I am an anime lover. It’s Japan’s greatest contribution to mankind. Hehehe. And in our family, I am the only one who appreciates the beauty and art of anime. And among my university friends, it was only Reen whom I could talk about it so passionately with. (Excluding hentai, that is. Otherwise, I’d have to say Vince and Nep, too. Hahaha.) Every night, you’d find my entire family together in the living area watching primetime drama but not me. I’m usually upstairs, watching something else — CNN, National Geographic, HBO and yes, Animax Channel. My brother cringes whenever he finds me watching anime, insisting that I would not get anything from such crap. Those remarks I often shrug off. Anime is not crap. In fact, nothing else has tackled five of the concepts that I value the most better than my top five all-time favorite anime shows.
5. Love | Let’s start with the most popular — Sailormoon! Who doesn’t know Sailormoon? It tells us a very unrealistic story (you know, trying to save the solar system and all in the name of, er, the moon) yet we often find ourselves relating to most of the characters. This is because Sailormoon is all about the most popular concept in pop art, love. And it’s not just romantic love (Usagi and Mamoru), it emphasizes love for friends and family, as well, and all the major components of love — passion and trust.
4. Change | We hear this over and over again: The only thing that doesn’t and won’t change in this world is change itself, the entire concept of change. It’s just a matter of the way you change and the path you choose, and the person you want to change into. Samurai X is one of the greatest stories about change. How Kenshin chooses to forget about his former self, Battosai, the legendary manslayer, to become a better man. Samurai X wants us to realize that we are not defined by who we were or who we used to be, but who we are and who we choose to be in the future. The past should not be a standard for humanity. Aside from change, Samurai X also focuses on honor, a value I also treasure.
3. Peace | Being a diplomat-wannabe, it’s just apt that I value this concept. Ahaha. And the best anime show that discusses this is also the most entertaining for me, God(?) Save Our King. It is about a world in another dimension where humans and demons live together — but not necessarily in harmony. It debunks the whole idea that demons are fallen angels with bat-wings and horns. Demons are depicted as very human-like but with supernatural powers (to control any of the elements: fire, water, earth, and air). The setup is very ironic for in that world, humans hate demons just for being demons. And demons hate humans for being evil. (Ahihihi) There’s been several wars and it seems like it won’t be over yet. Until the protaganist, Yuri Shibuya enters the picture. He is from OUR world, and was proclaimed king of the demon world just because he was in all-black attire (his school uniform) and he has black eyes. Yuri doesn’t like the idea but chooses to accept the job anyways. As king, he learns about the complexities of war and the value of peace, and struggles to mend the broken bonds between humans and demons. I have already posted an entry about this program a year ago. Click here.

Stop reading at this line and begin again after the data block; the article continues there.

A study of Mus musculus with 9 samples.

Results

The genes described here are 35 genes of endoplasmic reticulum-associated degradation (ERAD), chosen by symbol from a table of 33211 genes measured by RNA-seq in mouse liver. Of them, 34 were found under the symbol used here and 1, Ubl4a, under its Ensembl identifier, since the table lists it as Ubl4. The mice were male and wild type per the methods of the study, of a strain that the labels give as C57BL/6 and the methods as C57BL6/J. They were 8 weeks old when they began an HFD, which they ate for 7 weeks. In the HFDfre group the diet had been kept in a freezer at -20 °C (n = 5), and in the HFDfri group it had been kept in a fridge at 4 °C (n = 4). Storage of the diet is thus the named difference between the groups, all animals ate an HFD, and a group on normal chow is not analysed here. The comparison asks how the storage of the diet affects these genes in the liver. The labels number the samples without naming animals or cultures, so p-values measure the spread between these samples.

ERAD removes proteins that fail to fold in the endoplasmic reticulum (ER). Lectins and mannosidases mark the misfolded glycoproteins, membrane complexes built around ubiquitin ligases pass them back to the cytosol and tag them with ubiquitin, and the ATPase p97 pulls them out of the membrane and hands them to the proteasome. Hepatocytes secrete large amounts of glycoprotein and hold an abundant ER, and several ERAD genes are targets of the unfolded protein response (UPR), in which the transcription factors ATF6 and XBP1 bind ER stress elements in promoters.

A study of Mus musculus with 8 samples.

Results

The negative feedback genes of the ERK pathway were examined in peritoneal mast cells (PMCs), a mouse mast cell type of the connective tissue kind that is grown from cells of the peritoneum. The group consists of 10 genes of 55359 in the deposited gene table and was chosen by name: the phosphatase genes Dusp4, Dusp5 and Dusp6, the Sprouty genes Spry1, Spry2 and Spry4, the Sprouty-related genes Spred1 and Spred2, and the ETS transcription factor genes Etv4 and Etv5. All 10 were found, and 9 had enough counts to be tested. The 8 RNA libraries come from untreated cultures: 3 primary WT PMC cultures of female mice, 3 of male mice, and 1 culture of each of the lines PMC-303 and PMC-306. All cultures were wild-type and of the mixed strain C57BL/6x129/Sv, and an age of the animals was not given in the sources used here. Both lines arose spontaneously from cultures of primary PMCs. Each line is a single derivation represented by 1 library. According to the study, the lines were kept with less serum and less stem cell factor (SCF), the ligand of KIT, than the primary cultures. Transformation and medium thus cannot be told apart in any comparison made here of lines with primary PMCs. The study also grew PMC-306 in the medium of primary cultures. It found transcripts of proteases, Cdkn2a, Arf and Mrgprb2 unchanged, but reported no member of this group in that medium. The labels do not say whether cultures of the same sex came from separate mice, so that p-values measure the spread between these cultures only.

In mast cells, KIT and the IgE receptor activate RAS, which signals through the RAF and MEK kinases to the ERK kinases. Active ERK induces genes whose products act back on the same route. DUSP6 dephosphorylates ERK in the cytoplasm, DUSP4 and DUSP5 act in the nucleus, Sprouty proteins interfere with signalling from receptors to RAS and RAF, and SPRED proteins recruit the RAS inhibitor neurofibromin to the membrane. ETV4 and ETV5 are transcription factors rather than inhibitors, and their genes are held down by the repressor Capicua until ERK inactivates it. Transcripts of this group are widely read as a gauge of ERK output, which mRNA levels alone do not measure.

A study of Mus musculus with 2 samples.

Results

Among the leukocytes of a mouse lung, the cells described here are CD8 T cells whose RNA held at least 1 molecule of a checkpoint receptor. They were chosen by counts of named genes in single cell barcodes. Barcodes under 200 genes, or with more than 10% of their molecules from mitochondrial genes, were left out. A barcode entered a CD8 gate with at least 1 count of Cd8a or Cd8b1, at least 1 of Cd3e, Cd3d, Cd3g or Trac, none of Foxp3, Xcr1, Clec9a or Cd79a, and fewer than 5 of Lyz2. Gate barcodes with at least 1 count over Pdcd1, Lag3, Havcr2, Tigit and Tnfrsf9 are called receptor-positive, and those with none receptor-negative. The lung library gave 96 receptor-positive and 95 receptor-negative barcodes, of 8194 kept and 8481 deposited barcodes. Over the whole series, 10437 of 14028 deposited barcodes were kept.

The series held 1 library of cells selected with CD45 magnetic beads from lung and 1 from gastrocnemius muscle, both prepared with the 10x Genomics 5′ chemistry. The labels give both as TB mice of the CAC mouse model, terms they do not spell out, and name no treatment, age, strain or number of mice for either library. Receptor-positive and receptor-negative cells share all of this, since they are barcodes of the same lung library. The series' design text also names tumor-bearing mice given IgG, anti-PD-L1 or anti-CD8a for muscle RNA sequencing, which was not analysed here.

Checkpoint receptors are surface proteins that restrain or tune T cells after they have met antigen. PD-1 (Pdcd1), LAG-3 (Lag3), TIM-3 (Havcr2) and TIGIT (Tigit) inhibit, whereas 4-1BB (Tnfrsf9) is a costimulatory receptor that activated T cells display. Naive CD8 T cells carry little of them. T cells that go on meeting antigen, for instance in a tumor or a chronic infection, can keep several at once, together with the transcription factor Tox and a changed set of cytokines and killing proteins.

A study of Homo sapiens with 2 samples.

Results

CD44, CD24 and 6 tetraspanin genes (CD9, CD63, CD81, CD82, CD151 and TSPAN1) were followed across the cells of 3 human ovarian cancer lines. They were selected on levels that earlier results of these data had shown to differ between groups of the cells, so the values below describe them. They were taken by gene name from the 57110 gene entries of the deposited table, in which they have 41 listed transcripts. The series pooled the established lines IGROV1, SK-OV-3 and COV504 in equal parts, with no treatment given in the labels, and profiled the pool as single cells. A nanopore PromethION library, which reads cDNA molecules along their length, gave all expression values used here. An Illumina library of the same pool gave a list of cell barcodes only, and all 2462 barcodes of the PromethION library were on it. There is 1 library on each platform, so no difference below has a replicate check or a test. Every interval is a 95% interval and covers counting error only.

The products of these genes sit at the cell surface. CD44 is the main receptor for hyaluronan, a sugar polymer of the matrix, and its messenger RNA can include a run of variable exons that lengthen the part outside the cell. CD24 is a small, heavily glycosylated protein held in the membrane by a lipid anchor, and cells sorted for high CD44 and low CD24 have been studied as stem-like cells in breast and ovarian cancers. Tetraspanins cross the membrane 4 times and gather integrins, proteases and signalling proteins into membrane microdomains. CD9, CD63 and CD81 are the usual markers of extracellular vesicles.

2. Truth | The two sides of my brain are still arguing if truth is really relative or absolute. But no matter how you look at it, truth is an important concept that everyone must value. I can’t think of any show that puts much emphasis on this other than Detective Conan. And Detective Conan is pretty entertaining, too. The best episodes as far as I’m concerned include the Film Club Reunion Murder Case where a killer dressed as mummy attacks them; the Bloody Venus Murder Case where a band vocalist is poisoned; and the Library Corpse Search where Conan and the other kids look for a dead man hidden somewhere in the library. Aside from truth, justice is also tackled.
1. Life | Fullmetal Alchemist is my all-time favorite anime. And to think that it’s number 1 despite the fact that I still haven’t finished watching the series, this must be something. This show strongly reminds the audience how important and sacred life is, especially human life. The story revolves around the first rule of alchemy “You cannot gain anything without losing something in return,” and the two lead characters, brothers Edward and Aphonse Elric, learnt it the hard, cruel way. It also discussed major issues that humanity is facing today — war, genocide, racism, etc. It also criticizes science and technology and questions its limits. The best episode for me so far is the one where Nina, a lovely 4-year old girl, was turned into a dog hybrid by her father with Alchemy. That episode made me cry all night long. If there’s one thing that this show taught me, it’s the fact that the human body is made up of chemicals that are easily available and pretty cheap — a little more than $20. But the soul (being the memories, emotions, experiences, bond we had with a person) is priceless. And so, we have no right to mess with human life.